By: Tatum Koster | May 2, 2022

Photo Credit: Nolan Adelsky

To finish out the semester with one more fresh look, I stopped senior psychology student Déja Clark for a quick fashion-focused chat before she departs from the UAlbany campus.

Clark boiled down her sense of style into the alternative category yet she adds her own twist to that genre by adding plenty of colors on occasion. She explained that her style is mostly influenced by Melanie Martinez who displays a “baby girl, Lolita” style, and Rico Nasty who sticks to a “grunge gothic style.” Although these two artists embody two different persona’s, Clark pulls from both to create her own style.

To really understand how Clark creates such cohesive and unique outfits I had her break down her building process.

“I like to find the base of the outfit first, so the top, the pants,” Clark said. “I know that I like to accessorize so if I have two colors I try to go base with those colors, so pink and purple, and that’s why I decided to do the split shoes.”

Photo Credit: Nolan Adelsky

Clark’s creative mind alongside her ability to accessorize her base pieces is what really takes her look to the next level. Don’t be fooled by her adventurous take on fashion, Clark gathers the pieces for her looks from sites we all know like Shein, Romwe, and AliExpress. Even with all of the controversy around supporting fast-fashion-focused brands like Shein, Clark still frequents the site due to their unbeatable low prices.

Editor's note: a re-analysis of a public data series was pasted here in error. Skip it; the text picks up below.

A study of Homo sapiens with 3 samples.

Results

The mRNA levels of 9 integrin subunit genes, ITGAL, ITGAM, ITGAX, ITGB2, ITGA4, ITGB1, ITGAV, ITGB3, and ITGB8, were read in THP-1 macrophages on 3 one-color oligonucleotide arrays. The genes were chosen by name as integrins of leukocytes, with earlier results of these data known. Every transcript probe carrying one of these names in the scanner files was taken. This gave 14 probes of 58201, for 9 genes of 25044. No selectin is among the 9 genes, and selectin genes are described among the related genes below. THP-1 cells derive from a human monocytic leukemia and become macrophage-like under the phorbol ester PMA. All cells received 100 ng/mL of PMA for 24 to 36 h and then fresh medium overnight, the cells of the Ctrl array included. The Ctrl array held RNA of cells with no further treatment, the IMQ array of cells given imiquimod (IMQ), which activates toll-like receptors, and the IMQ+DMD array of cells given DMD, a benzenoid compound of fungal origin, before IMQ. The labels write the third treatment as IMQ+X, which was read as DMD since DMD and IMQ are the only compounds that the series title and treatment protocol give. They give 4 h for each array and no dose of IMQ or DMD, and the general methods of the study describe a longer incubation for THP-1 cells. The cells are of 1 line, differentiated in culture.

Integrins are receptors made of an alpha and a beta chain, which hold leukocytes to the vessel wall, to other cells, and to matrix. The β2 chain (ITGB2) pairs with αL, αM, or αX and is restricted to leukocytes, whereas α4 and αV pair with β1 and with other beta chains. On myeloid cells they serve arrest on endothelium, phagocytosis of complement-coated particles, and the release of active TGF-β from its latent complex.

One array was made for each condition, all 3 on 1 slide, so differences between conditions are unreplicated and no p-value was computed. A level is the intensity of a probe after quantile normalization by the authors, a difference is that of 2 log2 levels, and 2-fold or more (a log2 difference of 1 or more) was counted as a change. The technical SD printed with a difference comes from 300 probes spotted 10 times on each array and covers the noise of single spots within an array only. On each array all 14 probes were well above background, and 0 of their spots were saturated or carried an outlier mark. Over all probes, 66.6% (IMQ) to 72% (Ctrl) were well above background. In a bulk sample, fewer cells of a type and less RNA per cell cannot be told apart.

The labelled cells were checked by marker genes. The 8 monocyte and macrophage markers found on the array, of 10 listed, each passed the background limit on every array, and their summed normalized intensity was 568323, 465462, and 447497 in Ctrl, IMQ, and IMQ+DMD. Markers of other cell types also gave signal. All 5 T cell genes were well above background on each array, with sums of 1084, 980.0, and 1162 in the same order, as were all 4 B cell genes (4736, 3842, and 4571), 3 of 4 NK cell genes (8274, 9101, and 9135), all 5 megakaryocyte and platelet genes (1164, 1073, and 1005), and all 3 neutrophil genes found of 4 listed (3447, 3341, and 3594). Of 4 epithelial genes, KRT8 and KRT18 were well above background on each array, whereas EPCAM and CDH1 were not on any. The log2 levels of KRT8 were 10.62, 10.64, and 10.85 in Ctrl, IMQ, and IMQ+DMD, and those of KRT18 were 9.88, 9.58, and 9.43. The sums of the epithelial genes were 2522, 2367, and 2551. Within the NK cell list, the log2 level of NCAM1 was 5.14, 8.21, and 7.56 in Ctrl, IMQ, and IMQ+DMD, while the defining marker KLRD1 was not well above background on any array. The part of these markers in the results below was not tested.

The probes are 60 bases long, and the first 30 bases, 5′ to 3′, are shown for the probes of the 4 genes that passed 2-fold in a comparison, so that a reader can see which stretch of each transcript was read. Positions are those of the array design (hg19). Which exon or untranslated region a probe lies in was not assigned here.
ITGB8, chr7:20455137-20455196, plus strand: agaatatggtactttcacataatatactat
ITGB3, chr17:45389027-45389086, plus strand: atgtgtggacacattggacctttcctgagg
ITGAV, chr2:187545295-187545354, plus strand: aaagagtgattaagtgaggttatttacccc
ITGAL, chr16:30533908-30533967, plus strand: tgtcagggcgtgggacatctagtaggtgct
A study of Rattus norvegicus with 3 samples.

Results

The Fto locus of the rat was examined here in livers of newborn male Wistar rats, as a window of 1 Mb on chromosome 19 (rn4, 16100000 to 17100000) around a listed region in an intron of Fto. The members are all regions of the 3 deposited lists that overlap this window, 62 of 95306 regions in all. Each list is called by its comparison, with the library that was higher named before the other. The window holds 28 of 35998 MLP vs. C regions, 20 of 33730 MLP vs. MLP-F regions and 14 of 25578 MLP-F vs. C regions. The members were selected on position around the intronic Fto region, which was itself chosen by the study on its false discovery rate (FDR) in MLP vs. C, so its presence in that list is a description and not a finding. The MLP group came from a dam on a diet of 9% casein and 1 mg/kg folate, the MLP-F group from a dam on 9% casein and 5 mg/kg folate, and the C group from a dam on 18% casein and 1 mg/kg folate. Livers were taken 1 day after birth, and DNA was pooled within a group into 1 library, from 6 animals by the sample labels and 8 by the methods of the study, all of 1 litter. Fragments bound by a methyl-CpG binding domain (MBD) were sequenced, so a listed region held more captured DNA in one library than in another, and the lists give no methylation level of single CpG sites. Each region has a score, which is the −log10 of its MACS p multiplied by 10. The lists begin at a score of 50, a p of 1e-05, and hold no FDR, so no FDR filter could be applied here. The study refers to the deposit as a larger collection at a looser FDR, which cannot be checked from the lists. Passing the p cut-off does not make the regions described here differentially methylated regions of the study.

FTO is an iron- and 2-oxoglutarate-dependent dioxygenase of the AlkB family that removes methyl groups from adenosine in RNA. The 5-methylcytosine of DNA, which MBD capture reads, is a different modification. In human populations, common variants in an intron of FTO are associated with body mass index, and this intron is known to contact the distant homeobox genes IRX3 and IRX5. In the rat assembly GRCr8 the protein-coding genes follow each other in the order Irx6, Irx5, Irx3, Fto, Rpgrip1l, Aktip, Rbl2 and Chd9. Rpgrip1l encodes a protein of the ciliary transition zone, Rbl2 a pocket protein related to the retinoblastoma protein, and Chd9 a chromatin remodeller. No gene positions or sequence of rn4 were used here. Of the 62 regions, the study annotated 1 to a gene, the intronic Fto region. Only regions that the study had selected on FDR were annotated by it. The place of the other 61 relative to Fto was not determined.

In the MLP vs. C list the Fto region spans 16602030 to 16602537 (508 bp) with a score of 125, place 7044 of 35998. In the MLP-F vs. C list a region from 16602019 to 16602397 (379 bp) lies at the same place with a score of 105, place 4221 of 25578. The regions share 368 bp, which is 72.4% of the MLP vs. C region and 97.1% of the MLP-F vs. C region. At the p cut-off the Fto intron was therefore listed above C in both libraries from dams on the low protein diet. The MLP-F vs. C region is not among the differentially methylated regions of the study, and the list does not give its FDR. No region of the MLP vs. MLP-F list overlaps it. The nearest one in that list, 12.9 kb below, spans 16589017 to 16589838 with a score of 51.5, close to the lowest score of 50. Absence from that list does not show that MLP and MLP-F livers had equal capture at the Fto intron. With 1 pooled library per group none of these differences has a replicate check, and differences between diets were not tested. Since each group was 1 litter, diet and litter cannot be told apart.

“If you do find ethically made clothing and it’s in your price range I say shop there. But sometimes it’s really not in the budget to shop from those sites,” Clark said. “It sucks because you do want to do the right thing but at the same time, economically, what are you supposed to do?”

In Clark’s eyes, many college students find themselves stuck between a rock and a hard place when it comes to shopping for clothes. It’s hard to turn a blind eye to the low prices Shein offers when there is still the want to have a self-expressive wardrobe. She acknowledges the downfalls to shopping from these sites and stated that she doesn’t rely solely on them, occasionally looking in stores like H&M.

As Clark moves on from college she hopes to continue to incorporate her style into every aspect of her life. She explained how she would weave her own uniqueness into her look at her previous job at Walmart through her hair and other accessories.

“You know the vest, the Walmart vest. I put a bunch of colorful pins on mine and just decked it out,” Clark said. “Every time people would come to my register they were like ‘oh I like your pins.’ That’s just the little things that I do to kind of bring my own personality into the workplace.”

At the end of the day, Clark stays true to herself, using her style as a way to reflect who she is as a person. She is unapologetically Déja Clark, and she encourages others to do the same.

“If you can make it work for yourself then it doesn’t matter what it is as long as you’re comfortable in it and you feel like you look good in it then that’s all that matters,” Clark said.

I wish the best of luck to Clark in all of her future endeavours, we will sure miss her iconic style here on the UAlbany campus. Until next semester UAlbany… stay stylin’.